Yu-Gi-Oh! Master Duel has a big problem, but Battle Packs are the solution

Konami /

Yu-Gi-Oh! Master Duel is Konami’s response to Magic: the Gathering Arena. While Arena is a problematic way to play a great game, Master Duel is the exact opposite: it’s a great way to play a problematic game.

That’s not to say that the Yu-Gi-Oh! card game isn’t enjoyable, but there are some glaring game design issues that keep people from playing long term. Namely, power creep. It’s so atrocious in Yu-Gi-Oh! it’s a core feature, not a bug.

This can lead to great fun. When your deck goes off, you feel invincible as you rip through your cards and work your way to play out your flashy boss monsters. On the other side of the field, your poor opponent is waiting 12 minutes for you to finish your turn.

From Steam reviews and the opinions of fellow players I’ve asked, returning players feel like the game is completely different than the one they grew up with, whether it be the original Duelist Kingdom era to Zexal.

Yu-Gi-Oh! Master Duel has a big problem, but Battle Packs are the solution

The combination of power creep and a predatory reprint policy for the paper game results in a heavy attrition of players quitting due to them having to buy new, expensive cards to keep up and then have those investments be meaningless when Konami reprints or straight up ban those same cards. Master Duel is free and easy to access, and could very well be the solution to getting players back into the game. That is, if the game is worth getting back into.

In its current state, Master Duel is a virtual simulator of the tabletop game using its own, slightly modified banlist. For better or for worse, this is Yu-Gi-Oh! in its current state: essentially weaponized solitaire.

There’s a lot to learn with the new archetypes, especially for the many players returning to the game. What if you want to have a fresh experience while retaining the classic Yu-Gi-Oh! gameplay of old?

The solution is to revive Battle Pack draft.

Battle Packs are a series of sets designed for sealed play. The core of a “limited” format like sealed is that you play with cards designed to play with and against each other in a fair, controlled format. For example, the second Battle Pack, War of the Giants, did not feature Extra Deck cards like Synchros and XYZ and was meant to simulate the early days of the game.

Typically, Limited formats test your fundamental skills more than constructed formats can. Games of regular Yu-Gi-Oh! can feel like your deck goes on auto-pilot, with lines of play that are practiced and established. That speed can be exhilarating, but often it feels like the game is out of your control.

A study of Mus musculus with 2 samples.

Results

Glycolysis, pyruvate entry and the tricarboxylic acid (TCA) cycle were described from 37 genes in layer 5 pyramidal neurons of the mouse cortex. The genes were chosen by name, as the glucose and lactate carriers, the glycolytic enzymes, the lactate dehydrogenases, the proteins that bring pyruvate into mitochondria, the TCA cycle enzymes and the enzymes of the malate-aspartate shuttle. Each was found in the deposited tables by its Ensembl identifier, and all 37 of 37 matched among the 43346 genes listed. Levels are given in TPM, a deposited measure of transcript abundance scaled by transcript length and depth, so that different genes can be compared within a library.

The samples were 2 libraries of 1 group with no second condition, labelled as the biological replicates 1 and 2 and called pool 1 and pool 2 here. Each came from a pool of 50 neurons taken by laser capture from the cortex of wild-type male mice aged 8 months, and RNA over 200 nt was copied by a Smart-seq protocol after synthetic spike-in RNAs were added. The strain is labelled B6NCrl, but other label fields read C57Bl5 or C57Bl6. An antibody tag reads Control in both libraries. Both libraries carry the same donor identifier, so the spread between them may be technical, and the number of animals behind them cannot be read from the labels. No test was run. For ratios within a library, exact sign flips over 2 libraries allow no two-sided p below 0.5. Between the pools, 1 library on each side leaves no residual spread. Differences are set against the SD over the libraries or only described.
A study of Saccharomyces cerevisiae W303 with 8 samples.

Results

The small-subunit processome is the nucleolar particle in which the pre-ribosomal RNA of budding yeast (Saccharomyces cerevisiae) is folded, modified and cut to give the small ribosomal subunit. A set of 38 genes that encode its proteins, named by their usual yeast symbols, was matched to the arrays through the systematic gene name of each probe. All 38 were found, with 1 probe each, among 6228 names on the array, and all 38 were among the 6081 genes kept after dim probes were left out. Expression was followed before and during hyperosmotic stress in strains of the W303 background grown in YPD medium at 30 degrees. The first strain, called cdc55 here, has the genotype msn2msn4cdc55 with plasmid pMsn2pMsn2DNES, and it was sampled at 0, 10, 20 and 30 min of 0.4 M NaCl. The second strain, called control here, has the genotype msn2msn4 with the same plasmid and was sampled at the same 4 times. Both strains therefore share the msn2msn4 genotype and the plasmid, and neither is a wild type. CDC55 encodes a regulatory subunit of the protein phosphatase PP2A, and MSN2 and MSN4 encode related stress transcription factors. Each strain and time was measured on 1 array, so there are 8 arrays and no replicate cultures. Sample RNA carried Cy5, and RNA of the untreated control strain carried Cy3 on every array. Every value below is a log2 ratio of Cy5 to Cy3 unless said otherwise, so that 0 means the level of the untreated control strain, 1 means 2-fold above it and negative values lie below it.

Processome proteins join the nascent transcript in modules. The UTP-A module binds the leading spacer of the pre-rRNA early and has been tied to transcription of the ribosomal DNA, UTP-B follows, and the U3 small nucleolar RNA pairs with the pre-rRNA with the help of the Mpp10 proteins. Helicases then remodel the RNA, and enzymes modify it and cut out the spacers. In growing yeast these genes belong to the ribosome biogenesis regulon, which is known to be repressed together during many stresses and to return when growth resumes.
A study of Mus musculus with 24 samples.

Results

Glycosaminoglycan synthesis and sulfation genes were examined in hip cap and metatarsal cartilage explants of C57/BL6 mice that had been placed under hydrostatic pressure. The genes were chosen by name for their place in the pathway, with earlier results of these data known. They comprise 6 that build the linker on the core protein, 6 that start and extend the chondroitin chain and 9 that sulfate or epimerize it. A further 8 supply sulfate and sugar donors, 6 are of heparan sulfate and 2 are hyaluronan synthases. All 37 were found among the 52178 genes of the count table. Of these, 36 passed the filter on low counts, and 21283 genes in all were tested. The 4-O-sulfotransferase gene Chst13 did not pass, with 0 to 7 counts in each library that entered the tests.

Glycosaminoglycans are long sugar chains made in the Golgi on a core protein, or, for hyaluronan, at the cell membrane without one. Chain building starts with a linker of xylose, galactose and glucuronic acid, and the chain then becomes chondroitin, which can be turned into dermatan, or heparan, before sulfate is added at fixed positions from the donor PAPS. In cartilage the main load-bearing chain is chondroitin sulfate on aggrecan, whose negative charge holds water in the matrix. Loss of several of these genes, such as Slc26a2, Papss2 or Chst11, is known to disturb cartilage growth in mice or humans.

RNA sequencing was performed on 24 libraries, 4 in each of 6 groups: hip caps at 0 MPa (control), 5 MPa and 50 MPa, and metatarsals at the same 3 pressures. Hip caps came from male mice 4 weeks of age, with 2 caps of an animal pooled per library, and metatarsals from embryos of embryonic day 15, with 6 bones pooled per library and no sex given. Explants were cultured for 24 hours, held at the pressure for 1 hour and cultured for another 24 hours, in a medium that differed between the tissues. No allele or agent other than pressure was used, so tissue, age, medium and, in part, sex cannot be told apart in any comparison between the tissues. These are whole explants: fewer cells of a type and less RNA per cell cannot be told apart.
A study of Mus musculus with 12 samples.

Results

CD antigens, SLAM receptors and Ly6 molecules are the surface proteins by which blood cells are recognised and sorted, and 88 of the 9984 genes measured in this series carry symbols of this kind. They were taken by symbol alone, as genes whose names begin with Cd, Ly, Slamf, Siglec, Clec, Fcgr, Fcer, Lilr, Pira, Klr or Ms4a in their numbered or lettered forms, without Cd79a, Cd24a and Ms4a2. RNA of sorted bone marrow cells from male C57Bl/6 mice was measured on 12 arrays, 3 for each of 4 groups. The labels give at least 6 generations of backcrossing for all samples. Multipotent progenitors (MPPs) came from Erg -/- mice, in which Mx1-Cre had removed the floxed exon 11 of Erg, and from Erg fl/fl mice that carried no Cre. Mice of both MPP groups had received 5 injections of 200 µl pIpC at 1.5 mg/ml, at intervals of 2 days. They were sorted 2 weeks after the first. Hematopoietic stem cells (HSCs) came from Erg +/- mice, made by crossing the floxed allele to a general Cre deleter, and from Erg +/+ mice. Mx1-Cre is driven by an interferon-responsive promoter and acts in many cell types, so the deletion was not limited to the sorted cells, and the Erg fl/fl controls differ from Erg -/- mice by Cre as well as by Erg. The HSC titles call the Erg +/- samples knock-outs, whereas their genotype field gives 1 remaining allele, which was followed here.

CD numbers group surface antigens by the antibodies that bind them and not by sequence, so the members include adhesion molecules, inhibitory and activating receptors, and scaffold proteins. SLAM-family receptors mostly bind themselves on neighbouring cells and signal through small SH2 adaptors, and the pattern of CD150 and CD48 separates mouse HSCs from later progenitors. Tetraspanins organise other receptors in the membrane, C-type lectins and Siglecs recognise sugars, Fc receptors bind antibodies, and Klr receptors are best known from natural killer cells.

We’ve seen the success of a slower Limited pool of cards in the wildly popular Duel Links. It’s accessible to more players, and returning players aren’t overwhelmed. It’s my preferred way of playing the game.

Master Duel is perfect for a sealed or draft environment. With an emphasis on ladder climbing, I could see a new limited pool for each ranking season. It would keep players coming back for more, and the online nature would allow Konami to make emergency adjustments.

The issue comes with monetization. It’s in Konami’s best interest to have players buy more cards. I feel Master Duel’s Gem system is fairly generous early on (compared to other free-to-play games), but I could see some problems if Gems were used exclusively for sealed buy-in. There’s some ways Konami could implement sealed play that would fit naturally within Master Duel.

At the top of each season, every player could receive one sealed pool for a league. They then could have the option to pay with Gems to get a new pool and play in another league. Sealed entry tickets could also be a prize for high placement.

In this case, options are better. For players who want to keep the cards, there could be a Gem or Gem-bought ticket/subscription system. For others who just want to play, a “phantom” (to borrow an MTG term) event could be used. A “phantom” event is when you play as usual, but you don’t keep the cards when you’re done. This is a great way to get returning players back into the ecosystem.

Trending. Sony acquires Destiny dev Bungie. light

People want to play Yu-Gi-Oh! and there needs to be more options for those players wanting to re-experience a beloved childhood game. Master Duel  is a fun game that is easy to burnout on, a problem the paper game constantly deals with. It’s a great client that is a golden opportunity for Konami to revolutionize the game and its player base.